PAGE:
Seasonal Affective Disorder (SAD)


Commonly known as the “winter blues,” Seasonal Affective Disorder – or SAD – is a regular depression disorder with symptoms that begin in the fall and continue into winter months. Sometimes, SAD symptoms appear in the spring or early summer and cause an unhappy mood with low energy. Those most likely to have it are younger females and those with family histories of depression, bipolar disorder or SAD. Sufferers experience increased appetite and needing to sleep for longer periods.

A 2021 study shows that about ten million U.S. citizens are suffering from SAD, with Alaska having the highest number. People who live in other northern high-altitude states such as Washington, North Dakota, Minnesota, Wisconsin, Michigan, New York, Vermont and Maine are most susceptible to SAD. Extreme cold temperatures and unique weather patterns make life difficult for affected individuals.

As the intensity of SAD is directly proportional to colder climates, it is more common in those who experience increased seasonality. Therefore, it is pertinent to understand geographical influence that can intervene and support individuals in these regions.

Typical treatment for SAD includes antidepressant medications as well as light therapy, vitamin D intake and counseling. However, this article will shed light on treatment centered around diet and other activities found effective in coping with it.

Foods that Help Control SAD

Salmon & Other Fish: Salmon is a major source of lean proteins that contain sufficient amounts of amino acids which have a positive effect on mood. Moreover, they are also a great source of energy that helps you fight the gloomy mood.

Vegetables: Rich in fiber and full of vitamins, root veggies such as sweet potatoes provide plenty of complex carbohydrates that break down slowly and help keep your mood stable. Other magnesium-rich vegetables like pumpkin, leafy greens, nuts and beans are also very beneficial in controlling mood swings, as magnesium binds with receptors and neurotransmitters that increase energy.

Milk & Orange Juice: Both of these beverages are exceptional in fighting against SAD, as they are full of calcium which is helpful for the absorption of vitamin D that ultimately keeps your mood elevated.

Nuts: Nuts are full of healthy fats, protein and fiber to keep your stomach feeling full, blood sugar steady and your mood calmer. It is recommended to snack on peanuts, almonds or walnuts at least three times a week.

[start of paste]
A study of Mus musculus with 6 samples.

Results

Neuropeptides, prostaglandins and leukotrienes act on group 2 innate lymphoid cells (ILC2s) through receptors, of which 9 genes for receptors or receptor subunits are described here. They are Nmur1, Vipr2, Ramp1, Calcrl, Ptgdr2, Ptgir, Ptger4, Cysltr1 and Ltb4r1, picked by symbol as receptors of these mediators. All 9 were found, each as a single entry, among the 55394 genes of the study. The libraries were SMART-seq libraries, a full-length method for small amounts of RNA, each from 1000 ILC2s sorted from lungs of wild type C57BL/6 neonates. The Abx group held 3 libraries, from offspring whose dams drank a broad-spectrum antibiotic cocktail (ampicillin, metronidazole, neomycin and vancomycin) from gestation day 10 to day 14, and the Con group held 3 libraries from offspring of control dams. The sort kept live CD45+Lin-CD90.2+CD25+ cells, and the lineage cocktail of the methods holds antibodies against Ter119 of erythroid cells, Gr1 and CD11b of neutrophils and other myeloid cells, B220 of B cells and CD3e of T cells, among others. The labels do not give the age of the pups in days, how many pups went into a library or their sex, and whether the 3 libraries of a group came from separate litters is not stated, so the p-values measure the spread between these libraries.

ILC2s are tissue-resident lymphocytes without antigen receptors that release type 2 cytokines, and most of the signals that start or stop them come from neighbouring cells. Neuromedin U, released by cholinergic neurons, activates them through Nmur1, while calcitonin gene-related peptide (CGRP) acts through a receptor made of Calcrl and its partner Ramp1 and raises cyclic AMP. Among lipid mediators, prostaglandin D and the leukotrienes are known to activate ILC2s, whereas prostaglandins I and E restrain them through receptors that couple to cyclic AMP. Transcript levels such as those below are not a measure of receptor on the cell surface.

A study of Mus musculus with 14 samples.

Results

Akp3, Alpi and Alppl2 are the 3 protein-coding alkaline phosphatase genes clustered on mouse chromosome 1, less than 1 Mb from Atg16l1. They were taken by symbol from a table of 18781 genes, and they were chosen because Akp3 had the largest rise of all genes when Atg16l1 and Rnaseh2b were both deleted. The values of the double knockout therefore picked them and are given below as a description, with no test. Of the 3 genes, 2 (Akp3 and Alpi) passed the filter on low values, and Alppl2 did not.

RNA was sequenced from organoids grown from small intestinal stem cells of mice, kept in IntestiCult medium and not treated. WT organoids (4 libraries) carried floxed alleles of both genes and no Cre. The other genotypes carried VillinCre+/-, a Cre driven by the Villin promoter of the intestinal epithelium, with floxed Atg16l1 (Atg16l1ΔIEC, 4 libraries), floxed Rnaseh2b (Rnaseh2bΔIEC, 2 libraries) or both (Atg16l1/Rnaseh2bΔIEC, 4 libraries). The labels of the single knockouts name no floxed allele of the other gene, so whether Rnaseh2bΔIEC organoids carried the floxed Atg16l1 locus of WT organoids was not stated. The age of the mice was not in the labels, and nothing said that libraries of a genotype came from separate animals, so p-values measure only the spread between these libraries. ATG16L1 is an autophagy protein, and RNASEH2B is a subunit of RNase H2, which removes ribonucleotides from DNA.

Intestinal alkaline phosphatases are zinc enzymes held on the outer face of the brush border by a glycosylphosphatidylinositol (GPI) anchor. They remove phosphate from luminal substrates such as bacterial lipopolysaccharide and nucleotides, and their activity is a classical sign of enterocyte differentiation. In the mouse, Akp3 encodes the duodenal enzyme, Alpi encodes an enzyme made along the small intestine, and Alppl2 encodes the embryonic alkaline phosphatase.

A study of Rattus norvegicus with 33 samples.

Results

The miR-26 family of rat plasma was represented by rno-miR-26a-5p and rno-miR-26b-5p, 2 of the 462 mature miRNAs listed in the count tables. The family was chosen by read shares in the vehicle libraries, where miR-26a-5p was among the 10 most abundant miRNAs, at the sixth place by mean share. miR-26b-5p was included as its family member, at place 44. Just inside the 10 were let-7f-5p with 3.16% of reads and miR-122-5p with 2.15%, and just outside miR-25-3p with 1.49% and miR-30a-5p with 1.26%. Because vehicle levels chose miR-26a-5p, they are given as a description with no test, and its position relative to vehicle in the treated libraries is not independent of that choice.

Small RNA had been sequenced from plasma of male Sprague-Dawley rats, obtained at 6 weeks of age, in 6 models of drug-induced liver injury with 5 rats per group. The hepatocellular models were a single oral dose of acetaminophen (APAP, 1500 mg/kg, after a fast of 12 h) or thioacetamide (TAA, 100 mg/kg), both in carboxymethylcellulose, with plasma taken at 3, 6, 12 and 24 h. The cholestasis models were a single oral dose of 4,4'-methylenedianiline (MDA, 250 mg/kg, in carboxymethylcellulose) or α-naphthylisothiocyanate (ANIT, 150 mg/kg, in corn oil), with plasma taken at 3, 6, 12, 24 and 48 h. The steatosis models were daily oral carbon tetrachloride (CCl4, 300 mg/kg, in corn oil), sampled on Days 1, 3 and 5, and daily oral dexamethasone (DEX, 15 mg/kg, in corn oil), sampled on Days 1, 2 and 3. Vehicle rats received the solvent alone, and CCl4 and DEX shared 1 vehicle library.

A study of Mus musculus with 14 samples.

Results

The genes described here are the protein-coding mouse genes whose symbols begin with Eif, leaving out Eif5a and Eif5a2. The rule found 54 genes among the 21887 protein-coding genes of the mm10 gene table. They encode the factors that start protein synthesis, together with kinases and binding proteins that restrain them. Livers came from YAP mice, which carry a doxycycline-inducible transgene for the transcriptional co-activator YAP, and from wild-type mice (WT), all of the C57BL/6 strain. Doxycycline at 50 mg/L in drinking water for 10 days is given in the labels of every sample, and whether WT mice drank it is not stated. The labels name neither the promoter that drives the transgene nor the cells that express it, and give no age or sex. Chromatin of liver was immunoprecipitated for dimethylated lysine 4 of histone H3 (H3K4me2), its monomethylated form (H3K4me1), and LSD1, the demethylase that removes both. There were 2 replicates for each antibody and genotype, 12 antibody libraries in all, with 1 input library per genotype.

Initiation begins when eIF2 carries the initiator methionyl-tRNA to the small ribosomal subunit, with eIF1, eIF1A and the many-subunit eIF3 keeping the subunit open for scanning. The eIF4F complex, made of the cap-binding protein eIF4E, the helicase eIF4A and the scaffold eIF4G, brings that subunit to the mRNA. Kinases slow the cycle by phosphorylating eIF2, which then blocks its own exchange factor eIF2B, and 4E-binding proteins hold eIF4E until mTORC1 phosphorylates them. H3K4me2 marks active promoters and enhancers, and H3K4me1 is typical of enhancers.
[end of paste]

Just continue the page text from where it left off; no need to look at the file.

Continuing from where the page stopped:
Berries: Blueberries, raspberries and strawberries may help prevent the release of cortisol – a  hormone produced by the adrenal gland that plays an important role in the body’s stress response. Regular consumption of berries is enough to combat stress.

Dark Chocolate: It’s not only tasty, but also a mood refresher! Dark chocolate contains a prominent and beneficial level of antioxidant polyphenols.

Bananas: Bananas contain carbohydrates from natural sugars and potassium that help fuel your brain. Moreover, magnesium in bananas may improve sleep quality and reduce anxiety levels, which are main contributors to seasonal depression.

Natural Remedies to Fight SAD

Light Therapy: Also called Bright Light Therapy (BLT) or phototherapy, this treatment consists of light boxes that emit full-spectrum light, similar in composition to sunlight with the ultraviolet rays filtered. Those with SAD may be cured by regular, direct exposures to light from the box, typically in the morning hours starting in the early fall, until spring. The required treatment is about an hour of daily exposure to 10,000 lux of cool-white, fluorescent light.

Vitamin D: Low levels of “the Sunshine Vitamin” are linked to depressed moods and anxiety – getting more vitamin D by any means is helpful for addressing depressive symptoms. A drop in serotonin (a neurotransmitter) is also linked with low vitamin D. The light-induced effects of serotonin are generated by sunlight that you take in through your eyes, as it cues the retina to trigger the release of serotonin. This is the reason why you’re more likely to experience depression in the winter time, when the days are shorter.

Lifestyle Changes: Try to live a simple life. Get light exercise or walk daily and limit your time online – interact with those around you. If possible, take a monthly trip to the countryside with loved ones and make sure you have abandoned mobile phones and social media during that time. Avoid alcohol and intense music; give priority to getting quality sleep instead of partying.


In today’s technological world, depression has taken over as one of the major diseases affecting millions of people. Those suffering from seasonal depression need to regularly focus – for an hour, or so – on minimizing all the factors that, by any means, keep you feeling sad or gloomy. A mix of beneficial foods synergized by regular exercise and mindful calmness will eliminate your proneness to developing symptoms of SAD, including anxiety, stress and feeling overburdened.